A portion of Upriver Drive north of Mission Avenue in Spokane would be permanently closed and replaced by a half-mile long park with access to the Spokane River, under a proposal by Avista Corp.
If completed, the public park would open up parts of the river that have been blocked off for years, and the Centennial Trail would run through the middle of it. A non-motorized boat launch would be available for stand-up paddle boards, canoes and kayaks.
“Obviously we use the public’s water to generate electricity for our customers,” said Bruce Howard, senior director of environmental affairs for Avista. “The park that we’d like to put in here is part and parcel in reconnecting people back to the river, and providing a safe way to do that.”
The idea, in its very early stages, stems from the 2009 federal relicensing of the Upper Falls Dam at the east end of Riverfront Park in downtown Spokane. The 50-year relicensing, approved by the Federal Energy Regulatory Commission, required the energy company to increase recreation and use on the river, among other obligations such as attending to fishery health and water quality.
This section of the Spokane River is part of the Upper Falls hydroelectric project. “It’s the reservoir, the pool of the Upper Falls Dam that’s been there since 1925,” Howard said.
The proposal for Upriver Park is far from reality, and Howard noted there would be “a lot of process, a lot of public comment” before anything happens, which will require approval by the Spokane City Council and mayor. A community meeting to discuss the proposal is scheduled for Aug. 21.
“It’s an informational meeting,” Howard said. “This is step one. There’s many to come.”
If approved by the city, the stretch of Upriver Drive and its intersection with Mission would be drastically changed. Currently, it’s a tangle of connections, where cars, bikes, walkers and trains meet. When done, Centennial Trail users would have access through the park.
A separate discussion between the city and Avista is dealing with the trail “gap” at Mission Avenue, where trail users must cross two streets with a total of six lanes of traffic and active railroad tracks. Ideas for bridging, or tunneling under, Mission have been floated for years, but nothing is yet decided.
“Our park design accommodates a new trail design at Mission,” Howard said. “We like the tunnel idea, and we think it could be done safely. … We’re very supportive of a connection there.”
As for the Upriver Park proposal, Howard likened it to New York City’s High Line Park – a long, linear park created on a former railroad spur. Much like how as High Line gives New York dwellers access to a part of town they formerly had no access to, Avista’s proposal would open up a part of the Spokane River that has been blocked for decades.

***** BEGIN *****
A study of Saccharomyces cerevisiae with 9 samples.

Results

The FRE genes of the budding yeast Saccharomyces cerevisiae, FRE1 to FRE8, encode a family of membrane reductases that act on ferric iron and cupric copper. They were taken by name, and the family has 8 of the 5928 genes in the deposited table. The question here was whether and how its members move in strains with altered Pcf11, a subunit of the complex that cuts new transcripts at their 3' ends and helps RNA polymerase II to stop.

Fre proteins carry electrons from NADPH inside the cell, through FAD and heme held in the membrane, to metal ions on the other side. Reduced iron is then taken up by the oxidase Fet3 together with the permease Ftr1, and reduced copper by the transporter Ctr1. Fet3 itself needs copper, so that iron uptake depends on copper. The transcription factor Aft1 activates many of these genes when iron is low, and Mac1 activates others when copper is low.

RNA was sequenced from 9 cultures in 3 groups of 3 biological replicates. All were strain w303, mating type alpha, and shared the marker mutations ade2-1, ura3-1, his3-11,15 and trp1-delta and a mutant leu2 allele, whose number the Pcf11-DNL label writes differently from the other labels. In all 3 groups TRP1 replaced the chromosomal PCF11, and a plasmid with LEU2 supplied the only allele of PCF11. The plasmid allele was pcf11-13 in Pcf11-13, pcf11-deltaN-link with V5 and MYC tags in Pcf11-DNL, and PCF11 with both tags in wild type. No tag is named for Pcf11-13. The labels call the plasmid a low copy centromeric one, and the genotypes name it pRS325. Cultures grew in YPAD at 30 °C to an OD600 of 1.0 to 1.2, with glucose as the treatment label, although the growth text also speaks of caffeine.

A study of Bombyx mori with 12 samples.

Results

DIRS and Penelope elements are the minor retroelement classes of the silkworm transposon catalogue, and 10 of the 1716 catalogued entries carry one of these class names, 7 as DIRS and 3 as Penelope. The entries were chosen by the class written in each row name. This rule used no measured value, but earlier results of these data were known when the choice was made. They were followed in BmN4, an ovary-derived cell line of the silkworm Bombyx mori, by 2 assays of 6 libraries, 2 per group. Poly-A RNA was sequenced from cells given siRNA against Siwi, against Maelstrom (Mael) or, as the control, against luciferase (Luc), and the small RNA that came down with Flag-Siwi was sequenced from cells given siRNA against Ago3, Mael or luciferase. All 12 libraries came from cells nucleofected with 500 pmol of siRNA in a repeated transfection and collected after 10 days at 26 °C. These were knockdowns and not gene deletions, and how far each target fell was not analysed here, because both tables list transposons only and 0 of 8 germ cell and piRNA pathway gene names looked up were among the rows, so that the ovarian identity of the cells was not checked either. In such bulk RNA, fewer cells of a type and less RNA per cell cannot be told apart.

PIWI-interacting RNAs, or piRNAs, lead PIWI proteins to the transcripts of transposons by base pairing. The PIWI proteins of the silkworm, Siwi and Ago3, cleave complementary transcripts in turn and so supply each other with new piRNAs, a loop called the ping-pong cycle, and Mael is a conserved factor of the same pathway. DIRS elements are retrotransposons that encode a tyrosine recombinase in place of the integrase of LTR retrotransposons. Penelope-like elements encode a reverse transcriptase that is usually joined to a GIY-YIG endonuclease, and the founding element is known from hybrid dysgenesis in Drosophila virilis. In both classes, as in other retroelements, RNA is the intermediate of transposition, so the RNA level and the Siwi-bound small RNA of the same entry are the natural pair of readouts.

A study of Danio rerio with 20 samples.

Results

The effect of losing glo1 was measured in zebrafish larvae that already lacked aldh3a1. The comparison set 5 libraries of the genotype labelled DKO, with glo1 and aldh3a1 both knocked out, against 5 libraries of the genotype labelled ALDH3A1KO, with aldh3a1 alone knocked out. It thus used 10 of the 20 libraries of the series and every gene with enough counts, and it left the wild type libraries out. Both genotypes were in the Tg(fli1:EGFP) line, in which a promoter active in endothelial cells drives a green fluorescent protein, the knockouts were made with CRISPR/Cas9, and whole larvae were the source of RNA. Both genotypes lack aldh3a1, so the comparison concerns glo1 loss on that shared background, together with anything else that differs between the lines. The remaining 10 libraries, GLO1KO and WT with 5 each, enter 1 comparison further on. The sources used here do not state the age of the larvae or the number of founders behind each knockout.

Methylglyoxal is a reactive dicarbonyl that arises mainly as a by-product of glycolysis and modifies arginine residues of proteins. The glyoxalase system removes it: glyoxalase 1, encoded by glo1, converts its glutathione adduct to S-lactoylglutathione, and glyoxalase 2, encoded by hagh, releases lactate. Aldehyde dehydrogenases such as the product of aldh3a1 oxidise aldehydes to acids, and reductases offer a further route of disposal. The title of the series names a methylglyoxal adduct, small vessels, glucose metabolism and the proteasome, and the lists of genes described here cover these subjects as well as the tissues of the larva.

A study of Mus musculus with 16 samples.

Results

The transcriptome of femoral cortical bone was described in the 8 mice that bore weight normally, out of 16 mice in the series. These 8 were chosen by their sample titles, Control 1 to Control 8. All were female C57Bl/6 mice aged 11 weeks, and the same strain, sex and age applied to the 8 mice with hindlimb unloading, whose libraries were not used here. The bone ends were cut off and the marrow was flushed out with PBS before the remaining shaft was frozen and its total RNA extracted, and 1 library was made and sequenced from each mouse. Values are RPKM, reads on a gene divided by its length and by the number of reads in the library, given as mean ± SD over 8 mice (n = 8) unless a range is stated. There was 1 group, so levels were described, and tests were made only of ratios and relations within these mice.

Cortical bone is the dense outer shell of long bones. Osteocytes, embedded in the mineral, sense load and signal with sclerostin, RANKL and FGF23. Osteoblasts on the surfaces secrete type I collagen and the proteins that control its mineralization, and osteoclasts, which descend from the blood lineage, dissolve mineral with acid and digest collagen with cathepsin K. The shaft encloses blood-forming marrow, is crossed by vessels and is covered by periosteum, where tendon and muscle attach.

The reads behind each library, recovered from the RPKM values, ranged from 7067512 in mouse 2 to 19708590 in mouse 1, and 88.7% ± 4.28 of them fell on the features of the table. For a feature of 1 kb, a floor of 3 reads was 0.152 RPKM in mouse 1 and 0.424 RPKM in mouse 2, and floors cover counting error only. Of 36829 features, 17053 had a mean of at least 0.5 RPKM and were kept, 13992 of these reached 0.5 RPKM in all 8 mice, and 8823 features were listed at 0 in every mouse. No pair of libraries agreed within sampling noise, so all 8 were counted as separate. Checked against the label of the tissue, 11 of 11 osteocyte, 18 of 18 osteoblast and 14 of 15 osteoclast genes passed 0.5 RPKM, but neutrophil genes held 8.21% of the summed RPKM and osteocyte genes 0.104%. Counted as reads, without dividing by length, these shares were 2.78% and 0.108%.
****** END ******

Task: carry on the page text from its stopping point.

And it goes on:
“It’s an area of concern for the trail. Users are between fast moving traffic and jersey barriers,” Howard said. “So you have this stretch of river that no one sees, no one can access it easily and it’s unsafe.”
Transforming the roadway into a “greenbelt park” would solve those problems, Howard said. But it l would take the permanent closure of a city street that saw about 4,500 vehicles a day on average in 2018, according to city data.
In June, the utility company submitted a traffic analysis of its plan to the city. It was prepared by engineering consultant Morrison-Maierle. The report concluded that Avista’s plan “will not unacceptably impact traffic conditions” and “no improvements are required or recommended.”
Upriver-bound traffic from Mission would be re-routed around Avista’s main campus, on Perry Street, Indiana Avenue, North Crescent Avenue and North Center Street, which meets Upriver a half-mile north of Mission.
Howard said the city, the Logan Neighborhood council, and Friends of the Centennial Trail have shown support for the proposal.
Local journalism is essential.
Give directly to The Spokesman-Review's Northwest Passages community forums series -- which helps to offset the costs of several reporter and editor positions at the newspaper -- by using the easy options below. Gifts processed in this system are not tax deductible, but are predominately used to help meet the local financial requirements needed to receive national matching-grant funds.
Subscribe to the Coronavirus newsletter
Get the day’s latest Coronavirus news delivered to your inbox by subscribing to our newsletter.